The Haines Borough has received a report from the Haines Sheldon Museum PERS termination study conducted this winter. Based on the study, chief fiscal officer Jila Stuart estimates the borough will remain on the hook for roughly $500,000 over the next 18 years if the museum’s board of trustees moves forward with the plan to turn the institution into a nonprofit, completely separate from the borough.

In January, the Haines Borough Assembly approved the roughly $2,500 study as a first step to assess the feasibility of divorcing the museum from the borough. The goal of the study, a requirement under state law when a municipality eliminates a department, was to tell the borough and the board how expensive it would be to transition current borough employees to a staff entirely overseen by the nonprofit. 

At present, the museum has one PERS employee, Zachary James, who has a defined contribution plan, a retirement plan where the employee and employer put away money in a savings account for retirement.

The borough’s pension liability is the difference between the amount owed to retirees and the money it has on hand to make these payments. Because James has a defined contribution plan, termination from PERS doesn’t impact the borough’s liabilities.

The only cost to the borough would be an ongoing payment to the PERS system for former, now-retired employees who have defined benefit plans, an older type of retirement plan that guarantees specific benefits based on an employee’s salary and years of service. Alaska statute requires employers leaving PERS to continue contributing to the system each payroll period until the past service liability is extinguished.

The report says calculating the amount the borough will owe is a moving target, as it’s not certain when the liability will be paid off and the contribution rate is recalculated every year by the Alaska Retirement Management Board. For the current fiscal year, the rate is 18.23% of an employee’s base salary.

Stuart said the current estimate is that the liability will be paid off in 18 years. She said based on the information in the report, she was able to give a rough calculation of how much the borough would continue to owe if the museum goes through with the separation.

“It’s in the neighborhood of half a million over the next eighteen years, roughly $30,000 a year,” Stuart said, noting that this is a cost the borough will need to pay regardless of whether the separation plan moves forward. While the borough’s financial responsibility to the museum will likely decrease if it becomes an independent nonprofit, this is one financial responsibility that won’t go away.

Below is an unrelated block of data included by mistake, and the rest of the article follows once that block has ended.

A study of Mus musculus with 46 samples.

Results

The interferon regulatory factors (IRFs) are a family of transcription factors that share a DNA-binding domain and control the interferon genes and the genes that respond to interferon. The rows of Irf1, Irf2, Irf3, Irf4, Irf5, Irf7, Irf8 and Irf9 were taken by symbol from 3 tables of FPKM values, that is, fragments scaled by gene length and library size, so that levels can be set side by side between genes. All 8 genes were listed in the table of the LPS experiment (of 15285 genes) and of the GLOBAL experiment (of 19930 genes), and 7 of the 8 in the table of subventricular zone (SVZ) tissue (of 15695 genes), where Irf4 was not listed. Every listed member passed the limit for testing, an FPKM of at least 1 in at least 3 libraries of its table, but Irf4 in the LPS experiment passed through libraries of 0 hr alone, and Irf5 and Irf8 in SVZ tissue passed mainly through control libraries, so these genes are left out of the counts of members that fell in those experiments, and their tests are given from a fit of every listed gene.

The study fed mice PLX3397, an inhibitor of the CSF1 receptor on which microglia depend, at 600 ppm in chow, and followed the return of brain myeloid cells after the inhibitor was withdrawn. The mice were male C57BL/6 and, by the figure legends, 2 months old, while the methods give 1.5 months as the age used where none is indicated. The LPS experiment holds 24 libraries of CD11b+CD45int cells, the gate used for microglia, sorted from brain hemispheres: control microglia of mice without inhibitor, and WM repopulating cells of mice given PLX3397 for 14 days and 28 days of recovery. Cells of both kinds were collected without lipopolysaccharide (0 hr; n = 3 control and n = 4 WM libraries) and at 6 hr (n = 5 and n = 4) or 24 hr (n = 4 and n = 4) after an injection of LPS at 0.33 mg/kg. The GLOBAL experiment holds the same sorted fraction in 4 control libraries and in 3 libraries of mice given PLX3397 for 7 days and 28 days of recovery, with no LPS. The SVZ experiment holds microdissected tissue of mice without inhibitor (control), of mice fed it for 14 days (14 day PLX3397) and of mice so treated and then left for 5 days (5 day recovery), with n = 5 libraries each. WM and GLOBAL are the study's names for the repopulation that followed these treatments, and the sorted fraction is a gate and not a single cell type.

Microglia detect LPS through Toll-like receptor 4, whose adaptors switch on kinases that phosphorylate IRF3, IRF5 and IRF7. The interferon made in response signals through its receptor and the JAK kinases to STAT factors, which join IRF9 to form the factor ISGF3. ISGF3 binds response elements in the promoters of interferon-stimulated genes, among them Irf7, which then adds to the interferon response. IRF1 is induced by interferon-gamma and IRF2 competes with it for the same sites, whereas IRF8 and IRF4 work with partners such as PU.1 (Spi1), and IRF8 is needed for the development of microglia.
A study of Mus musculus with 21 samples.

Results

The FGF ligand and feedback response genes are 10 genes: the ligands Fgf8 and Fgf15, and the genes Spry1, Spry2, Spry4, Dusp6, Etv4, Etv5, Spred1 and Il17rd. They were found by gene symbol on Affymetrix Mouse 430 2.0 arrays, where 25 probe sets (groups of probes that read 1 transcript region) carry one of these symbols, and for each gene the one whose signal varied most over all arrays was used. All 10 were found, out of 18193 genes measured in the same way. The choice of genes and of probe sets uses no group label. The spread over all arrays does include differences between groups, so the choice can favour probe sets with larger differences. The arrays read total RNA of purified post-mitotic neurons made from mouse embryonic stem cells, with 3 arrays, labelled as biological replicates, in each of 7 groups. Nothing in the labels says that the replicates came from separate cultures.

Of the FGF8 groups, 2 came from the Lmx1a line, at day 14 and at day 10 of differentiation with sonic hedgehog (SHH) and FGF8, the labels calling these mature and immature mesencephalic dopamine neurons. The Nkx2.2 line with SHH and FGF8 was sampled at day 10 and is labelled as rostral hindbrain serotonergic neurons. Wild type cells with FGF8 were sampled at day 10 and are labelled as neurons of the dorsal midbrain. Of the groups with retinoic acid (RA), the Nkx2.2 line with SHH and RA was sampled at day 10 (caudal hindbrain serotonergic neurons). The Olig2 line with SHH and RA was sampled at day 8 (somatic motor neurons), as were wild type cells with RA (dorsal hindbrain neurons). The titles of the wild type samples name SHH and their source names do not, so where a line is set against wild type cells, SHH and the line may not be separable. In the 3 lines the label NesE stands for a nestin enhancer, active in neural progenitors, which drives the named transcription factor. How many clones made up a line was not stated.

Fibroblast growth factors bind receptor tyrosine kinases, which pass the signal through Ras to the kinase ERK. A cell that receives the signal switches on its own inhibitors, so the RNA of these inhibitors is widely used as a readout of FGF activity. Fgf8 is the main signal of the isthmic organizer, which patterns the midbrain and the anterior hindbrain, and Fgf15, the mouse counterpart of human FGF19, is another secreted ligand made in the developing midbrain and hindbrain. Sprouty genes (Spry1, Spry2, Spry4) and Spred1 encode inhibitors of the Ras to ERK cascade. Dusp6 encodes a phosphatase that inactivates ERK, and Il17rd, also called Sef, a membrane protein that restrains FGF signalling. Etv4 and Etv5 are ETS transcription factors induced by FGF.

Until the current fiscal year, the borough routinely contributed $240,000 to support museum staffing. For the current fiscal year, the assembly cut the museum staffing budget to $150,000, citing an anticipated loss of revenue due to COVID-19. In past interviews both trustees and state museum experts have said it’s likely borough funding for the museum will decrease if the institution separates from the borough.

Stuart said PERS will do its own calculation. Her estimate is designed to give the assembly and museum board a ballpark figure so they can continue working on the separation plan.

Both assembly members and museum trustees said it’s too soon to say how the findings will impact plans to separate. It will ultimately be up to the assembly to determine whether the plan makes financial sense.

“We’ve got to see what the board wants. It’s something that will be worked out along with the rest of the budget,” assembly member Gabe Thomas said. He added that to make it through the borough’s current economic challenges, he believes it will be necessary for many services and organizations to become more self-supporting.

The board of trustees is trying to transition the museum from being a quasi-governmental organization, with attributes of both a borough department and nonprofit, to a completely separate nonprofit. 

The board’s plan involves changing municipal code and museum bylaws to reflect the facility’s independence from the borough, and transitioning staff from borough employees to nonprofit employees. Trustees have said ideally, under the new structure, the borough would remain responsible for maintenance of the building and would continue to provide financial support for the museum at a reduced level agreed upon in a memorandum of understanding.